The following experts can speak to various issues associated with the upcoming implementation of the Kyoto protocol.
Associate Professor of Environmental Law, Bruce Pardy,says: “Like most environmental law academics, I believe that climate change is real and serious. But unlike most, I think Kyoto is not the way to fix it, and is generally a bad idea.” In his paper, The Kyoto Protocol: Bad News for the Global Environment, he says “Kyoto is the latest in a series of international environmental ‘first steps’ that are politically appealing but inadequate in form as well as substance," (in Journal of Environmental Law & Practice, 2004). His other publications include "Changing Nature: The Myth of the Inevitability of Ecosystem Management" (2003) Pace Environmental Law Review, and "Asking the Dog to Guard the Puppy Chow: Three Objections to Environmental Voluntarism" (2003), Journal of Environmental Law and Practice.
Queen’s climatologist, Harry McCaughey, says the Kyoto protocol “is an essential first step to resolving the problem of climate change. However, it represents a small first step and the successive steps, after 2012 (the end of the first Kyoto period), are of the greatest importance.”
McCaughey is a microclimatology specialist who focuses on boreal forests, climate change, instrumentation and data management. He is co-author of the study 'Magnitudes and seasonal patterns of energy, water, and carbon exchanges at a boreal young jack pine forest in the BOREAS northern study area' (1997,Journal of Geophysical Research).
Gerhard Herzberg Canada Gold Medal recipient, and Canada Research Chair in Environmental Change, John Smol heads Queen’s Paleoecological Environmental Assessment and Research Lab (PEARL). His research group removes core sediment samples from lake bottoms and investigates present-day lake systems to understand the algal and invertebrate communities. Their findings help them track long-term ecological changes related to recent climatic warming and other environmental changes. Such data are required to define natural environmental variability, to generate and test hypotheses, and to evaluate computer models that are now being used for the study of global environmental change.
Dr. Smol is currently involved with the Canada Foundation for Innovation’s international project to study the ecosystem impact of melting ice in the western Arctic.
Kyoto and social movements:
Queen’s sociologist, Richard Day, says “Kyoto is a big red herring. It converts what should be an opportunity for doing something about global inequality and global environmental catastrophe into an opportunity for intensifed exploitation and profit, by selling the right to pollute. The Canadian government has, appropriately, hired a top-notch comic to tell individuals to cut back their activities, while allowing corporations further slack. A several-ring circus.”
He is an anarchist activist and scholar who is interested in how radical social change can be achieved through the construction of alternatives to the system of states and corporations. This has led to research into service groups like Food Not Bombs, Independent Media Centres, factory and land occupations, as well as indigenous movements for self-determination. Gramsci is Dead: Anarchist Currents in the Newest Social Movements', a book based on this work, will be published by Pluto Press in September 2005.
Federal/Provincial relations and Kyoto’s implementation:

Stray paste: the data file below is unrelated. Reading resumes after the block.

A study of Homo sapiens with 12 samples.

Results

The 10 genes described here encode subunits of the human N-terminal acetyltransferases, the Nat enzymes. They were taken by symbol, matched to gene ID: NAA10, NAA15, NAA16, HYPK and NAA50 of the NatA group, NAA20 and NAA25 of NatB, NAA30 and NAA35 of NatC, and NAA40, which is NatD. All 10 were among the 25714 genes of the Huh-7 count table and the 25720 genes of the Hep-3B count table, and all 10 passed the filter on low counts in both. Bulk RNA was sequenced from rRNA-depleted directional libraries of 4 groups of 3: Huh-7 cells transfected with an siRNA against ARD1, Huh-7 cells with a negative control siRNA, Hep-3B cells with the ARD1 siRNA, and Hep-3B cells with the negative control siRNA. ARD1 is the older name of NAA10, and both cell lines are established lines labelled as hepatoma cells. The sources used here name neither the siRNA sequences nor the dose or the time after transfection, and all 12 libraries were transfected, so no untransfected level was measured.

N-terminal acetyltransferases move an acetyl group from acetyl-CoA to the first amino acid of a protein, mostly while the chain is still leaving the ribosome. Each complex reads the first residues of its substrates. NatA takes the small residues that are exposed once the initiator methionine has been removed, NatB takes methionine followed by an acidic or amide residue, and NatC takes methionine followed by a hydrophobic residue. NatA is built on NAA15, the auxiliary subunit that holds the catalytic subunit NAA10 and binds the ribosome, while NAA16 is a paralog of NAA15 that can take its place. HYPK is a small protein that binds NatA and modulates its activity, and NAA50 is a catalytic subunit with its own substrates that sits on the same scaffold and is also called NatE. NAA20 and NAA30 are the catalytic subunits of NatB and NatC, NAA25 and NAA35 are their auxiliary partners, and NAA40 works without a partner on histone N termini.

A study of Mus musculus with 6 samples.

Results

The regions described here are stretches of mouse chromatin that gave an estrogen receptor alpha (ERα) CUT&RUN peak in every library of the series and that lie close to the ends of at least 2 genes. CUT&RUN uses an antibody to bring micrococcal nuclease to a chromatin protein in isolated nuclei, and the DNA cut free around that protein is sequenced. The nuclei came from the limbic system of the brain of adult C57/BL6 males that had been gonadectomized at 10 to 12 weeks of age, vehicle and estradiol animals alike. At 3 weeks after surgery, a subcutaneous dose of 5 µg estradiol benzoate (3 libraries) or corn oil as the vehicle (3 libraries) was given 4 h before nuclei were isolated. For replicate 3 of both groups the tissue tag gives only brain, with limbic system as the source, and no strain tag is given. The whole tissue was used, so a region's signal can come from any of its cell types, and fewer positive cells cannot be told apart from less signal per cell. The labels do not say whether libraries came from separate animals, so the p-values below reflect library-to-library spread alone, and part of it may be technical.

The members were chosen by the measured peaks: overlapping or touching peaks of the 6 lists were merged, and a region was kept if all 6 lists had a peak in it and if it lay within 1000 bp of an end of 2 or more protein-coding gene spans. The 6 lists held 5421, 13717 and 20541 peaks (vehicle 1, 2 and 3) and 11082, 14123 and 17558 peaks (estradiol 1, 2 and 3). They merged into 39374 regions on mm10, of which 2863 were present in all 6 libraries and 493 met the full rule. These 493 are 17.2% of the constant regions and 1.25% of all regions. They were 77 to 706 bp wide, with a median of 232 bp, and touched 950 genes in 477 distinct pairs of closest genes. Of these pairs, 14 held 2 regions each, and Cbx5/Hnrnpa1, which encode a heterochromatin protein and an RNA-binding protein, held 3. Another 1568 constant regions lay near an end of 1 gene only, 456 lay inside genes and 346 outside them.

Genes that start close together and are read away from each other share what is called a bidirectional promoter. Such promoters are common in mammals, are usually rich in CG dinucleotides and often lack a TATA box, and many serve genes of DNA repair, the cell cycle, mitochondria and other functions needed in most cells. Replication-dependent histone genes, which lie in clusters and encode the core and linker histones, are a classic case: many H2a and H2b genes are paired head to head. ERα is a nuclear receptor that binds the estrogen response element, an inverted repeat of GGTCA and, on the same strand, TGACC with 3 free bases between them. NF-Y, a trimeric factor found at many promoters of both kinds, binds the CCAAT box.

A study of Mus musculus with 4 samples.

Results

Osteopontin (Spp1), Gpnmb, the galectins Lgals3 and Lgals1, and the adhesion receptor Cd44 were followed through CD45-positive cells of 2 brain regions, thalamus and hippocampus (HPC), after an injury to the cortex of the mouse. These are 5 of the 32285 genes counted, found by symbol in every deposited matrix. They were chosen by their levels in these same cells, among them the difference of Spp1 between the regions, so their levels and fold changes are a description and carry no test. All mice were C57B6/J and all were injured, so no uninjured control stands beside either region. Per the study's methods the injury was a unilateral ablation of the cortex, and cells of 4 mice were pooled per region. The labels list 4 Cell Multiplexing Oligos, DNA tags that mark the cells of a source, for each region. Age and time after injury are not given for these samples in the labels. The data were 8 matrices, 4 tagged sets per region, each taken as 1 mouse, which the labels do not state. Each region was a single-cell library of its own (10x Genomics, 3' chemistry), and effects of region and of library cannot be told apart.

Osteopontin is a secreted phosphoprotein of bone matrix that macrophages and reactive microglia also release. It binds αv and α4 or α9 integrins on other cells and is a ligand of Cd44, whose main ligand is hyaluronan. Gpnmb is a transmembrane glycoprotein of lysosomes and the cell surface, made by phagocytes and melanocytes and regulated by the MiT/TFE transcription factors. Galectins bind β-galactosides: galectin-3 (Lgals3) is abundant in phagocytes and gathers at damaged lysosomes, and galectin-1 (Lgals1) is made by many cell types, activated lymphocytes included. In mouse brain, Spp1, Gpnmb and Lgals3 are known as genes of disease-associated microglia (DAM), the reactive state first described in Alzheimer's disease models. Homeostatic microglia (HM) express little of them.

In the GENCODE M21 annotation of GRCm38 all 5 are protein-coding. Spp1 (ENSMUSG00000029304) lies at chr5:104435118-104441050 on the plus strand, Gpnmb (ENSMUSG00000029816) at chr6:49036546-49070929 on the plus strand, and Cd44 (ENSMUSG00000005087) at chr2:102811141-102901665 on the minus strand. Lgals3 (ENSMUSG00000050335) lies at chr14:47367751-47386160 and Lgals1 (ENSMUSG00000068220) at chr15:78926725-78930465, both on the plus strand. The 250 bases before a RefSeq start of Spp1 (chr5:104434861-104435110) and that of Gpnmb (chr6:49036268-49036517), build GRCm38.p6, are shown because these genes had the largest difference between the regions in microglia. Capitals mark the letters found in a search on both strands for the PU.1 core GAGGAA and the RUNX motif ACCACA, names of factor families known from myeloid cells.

Kim Nossal, head of Queen’s Political Studies Department, and Canadian foreign policy expert, can speak to the federal-provincial aspects of the implementation of the Kyoto treaty.
Dr. Nossal has written a plethora of books and articles on international politics, including “World Politics: Global Anarchy, Global Governance,” in Rand Dyck, ed., Studying Politics: An Introduction to Political Science (2002), and "Canadian Studies in a Post-National Era: The Case of International Relations," Association for Canadian Studies in Australia and New Zealand, University of Wollongong, Wollongong, NSW, 1-4 July 2000; also see "Home-Grown IR: The Canadianization of International Relations,' Journal of Canadian Studies(Spring 2000)
Political/Environmental Studies researcher Anita Krajnc can speak to how Canada can meet its Kyoto-prescribed targets through such measures as imposing fuel efficiency standards and green taxes, and funding public transit.
Dr. Krajnc's doctoral thesis was entitled "Green Learning: The Role of Scientists and the Environmental Movement." The first Skelton-Clark Postdoctoral fellow with Queen’s Political Studies Department, Dr. Krajnc is writing a book that explains major changes in social movement strategies in response to changes in the domestic and international environments. Adapting Social Movement Strategies builds on her doctoral work on the Canadian environmental movement.
Queen's Research Chair in Biochemical and Cell Culture Engineering, Andrew Daugulis, can speak to biological routes to manufacturing – such as “bionylon”– which he feels would have a beneficial effect on the environment.
Dr. Daugulis researches bioprocess development, focused on the design, modeling and implementation of bioreactors for applications in bioremediation of contaminated waste streams and in biosynthesis of high-value products. His work on the development of Partitioning Bioreactors has led to several patents. These novel bioreactors have been used in environmental applications for the biodestruction of highly toxic compounds, including benzene, toluene, polyaromatic hydrocarbons (PAHs), and polychlorinated biphenyls (PCBs). Dr. Daugulis has worked as a consultant to companies in Canada and the US, as well as to government organizations world-wide.
For more information or to arrange an interview contact Sarah Withrow 613.533.3280 or Therese Greenwood 613.533.6907, News and Media Services.